Celebrating women's stories

Ten Thousand Villages, MEDA impact lives of women and their families through fair trade

April 19, 2010 | Focus On | Number 8
By Dave Rogalsky | Eastern Canada Correspondent
Kitchener, Ont.
University student Melinda Goertz poses with her baking and the fair trade products she used to create them.

Indian dancers from the Swastini Dance Group led by Swati and Nidhi Juthani swirled over the stage at Victoria Park Pavilion in Kitchener on March 27. Both traditional and “Bollywood” styles were showcased to welcome Roopa Mehta from India to “Women’s stories/Women’s hope: An international celebration” of fair trade hosted by Ten Thousand Villages (TTV) and Mennonite Economic Development Associates (MEDA).

Mehta, with a master of business administration degree from Delhi University, began her business career as the chief executive officer of her family’s textile manufacturing and retailing company. Now she is the executive director of the Sasha Association for Craft Producers, part of the Sarba Shanti Ayog not-for-profit fair-trade organization.

Seventy percent of the people Sasha works with are women producers in India. Sasha’s key goals are to help their producers gain confidence and a sense of worth, mostly through helping them appreciate their own traditional handicrafts; to find markets for these products; and to shepherd the whole process from manufacture to sales.

While the men in families and villages need to be won over at first, Mehta said that eventually the new income and pride free the women to run their organizations themselves. Some of the women’s work has been shown in Italy and Edinburgh. Sasha’s products are available at Ten Thousand Villages in North America.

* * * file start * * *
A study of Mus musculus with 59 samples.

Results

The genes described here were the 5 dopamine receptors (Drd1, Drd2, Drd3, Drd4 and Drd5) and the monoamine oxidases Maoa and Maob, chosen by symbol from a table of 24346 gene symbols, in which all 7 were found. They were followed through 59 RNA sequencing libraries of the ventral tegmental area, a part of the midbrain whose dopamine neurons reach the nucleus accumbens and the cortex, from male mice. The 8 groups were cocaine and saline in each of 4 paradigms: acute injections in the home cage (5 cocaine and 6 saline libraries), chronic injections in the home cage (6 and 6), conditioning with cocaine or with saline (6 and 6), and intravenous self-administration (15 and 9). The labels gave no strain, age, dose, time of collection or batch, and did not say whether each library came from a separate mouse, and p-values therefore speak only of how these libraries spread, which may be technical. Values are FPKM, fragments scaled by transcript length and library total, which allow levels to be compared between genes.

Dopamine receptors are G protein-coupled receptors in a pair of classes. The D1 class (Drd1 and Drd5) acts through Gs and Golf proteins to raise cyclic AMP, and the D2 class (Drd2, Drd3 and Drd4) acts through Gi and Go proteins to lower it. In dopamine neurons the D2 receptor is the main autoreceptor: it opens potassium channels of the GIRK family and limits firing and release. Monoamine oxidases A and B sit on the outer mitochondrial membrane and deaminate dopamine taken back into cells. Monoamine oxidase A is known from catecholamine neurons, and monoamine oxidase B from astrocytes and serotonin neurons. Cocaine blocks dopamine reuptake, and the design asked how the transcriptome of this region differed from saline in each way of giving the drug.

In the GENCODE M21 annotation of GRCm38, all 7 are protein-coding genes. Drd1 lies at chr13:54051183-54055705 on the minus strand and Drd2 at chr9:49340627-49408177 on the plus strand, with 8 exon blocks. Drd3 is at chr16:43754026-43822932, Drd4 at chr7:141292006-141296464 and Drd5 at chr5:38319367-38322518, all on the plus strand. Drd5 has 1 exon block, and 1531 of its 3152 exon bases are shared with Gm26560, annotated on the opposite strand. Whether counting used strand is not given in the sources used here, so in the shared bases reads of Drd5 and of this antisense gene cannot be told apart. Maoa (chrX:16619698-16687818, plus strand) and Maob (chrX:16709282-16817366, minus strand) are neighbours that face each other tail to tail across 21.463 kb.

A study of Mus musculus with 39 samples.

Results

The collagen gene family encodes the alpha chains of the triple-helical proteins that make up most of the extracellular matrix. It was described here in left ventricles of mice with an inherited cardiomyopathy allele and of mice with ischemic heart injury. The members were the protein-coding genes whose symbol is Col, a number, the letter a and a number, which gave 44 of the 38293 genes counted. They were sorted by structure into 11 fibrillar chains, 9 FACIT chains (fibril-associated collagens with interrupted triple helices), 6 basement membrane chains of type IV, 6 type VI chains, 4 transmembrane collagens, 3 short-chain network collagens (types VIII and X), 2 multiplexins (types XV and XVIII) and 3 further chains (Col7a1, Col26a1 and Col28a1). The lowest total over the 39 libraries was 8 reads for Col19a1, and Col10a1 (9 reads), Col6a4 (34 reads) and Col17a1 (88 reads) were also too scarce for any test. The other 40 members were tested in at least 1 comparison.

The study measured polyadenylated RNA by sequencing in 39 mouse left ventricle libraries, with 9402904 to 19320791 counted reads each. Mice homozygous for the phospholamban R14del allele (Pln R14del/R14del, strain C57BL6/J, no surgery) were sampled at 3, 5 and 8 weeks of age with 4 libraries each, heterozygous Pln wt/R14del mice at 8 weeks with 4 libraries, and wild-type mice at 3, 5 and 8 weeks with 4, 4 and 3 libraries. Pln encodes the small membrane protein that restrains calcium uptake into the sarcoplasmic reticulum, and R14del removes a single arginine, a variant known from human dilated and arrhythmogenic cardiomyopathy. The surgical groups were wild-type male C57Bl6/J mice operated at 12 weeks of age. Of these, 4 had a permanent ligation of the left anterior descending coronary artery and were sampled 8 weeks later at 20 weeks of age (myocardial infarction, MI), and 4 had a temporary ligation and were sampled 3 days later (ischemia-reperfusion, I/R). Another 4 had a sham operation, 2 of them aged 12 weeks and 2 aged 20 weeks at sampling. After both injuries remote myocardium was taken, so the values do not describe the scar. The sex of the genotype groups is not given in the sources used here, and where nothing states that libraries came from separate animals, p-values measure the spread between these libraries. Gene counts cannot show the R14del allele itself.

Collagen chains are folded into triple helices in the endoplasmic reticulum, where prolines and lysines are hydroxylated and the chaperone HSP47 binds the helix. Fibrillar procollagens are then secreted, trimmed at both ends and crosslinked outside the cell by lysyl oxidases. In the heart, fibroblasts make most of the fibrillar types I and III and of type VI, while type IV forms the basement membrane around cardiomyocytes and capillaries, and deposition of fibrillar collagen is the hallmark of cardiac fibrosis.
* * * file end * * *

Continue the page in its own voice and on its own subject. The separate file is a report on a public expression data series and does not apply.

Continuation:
MEDA’s Ann Gordon also spoke, highlighting the similar work MEDA does in Pakistan and Afghanistan. There, four “value streams” work to create hope, trust and respect for women as they produce and market glass bangles, market garden food items, milk and embellished fabrics, she explained.

Both Gordon and Mehta told stories of specific women helped by the programs they were running.

Amina, an Indian woman, was doing work for male wholesalers, but the low-quality products she and others in the village were making earned them little money and little respect, Mehta said. But with Sasha’s help, they learned to have pride in their own embroidery and began to earn a decent living as well as the respect of the men in their lives.

The third component of the afternoon was food: olive oil and spices from TTV; falafel, squares and cookies made from TTV fair trade products; and fair trade coffee.

The event not only told stories of women being helped far away, but did the same at home: The sweets were made by Melinda Goertz, a third-year university student from Waterloo, Ont., who is trying to start her own business to support herself through school.

University student Melinda Goertz poses with her baking and the fair trade products she used to create them.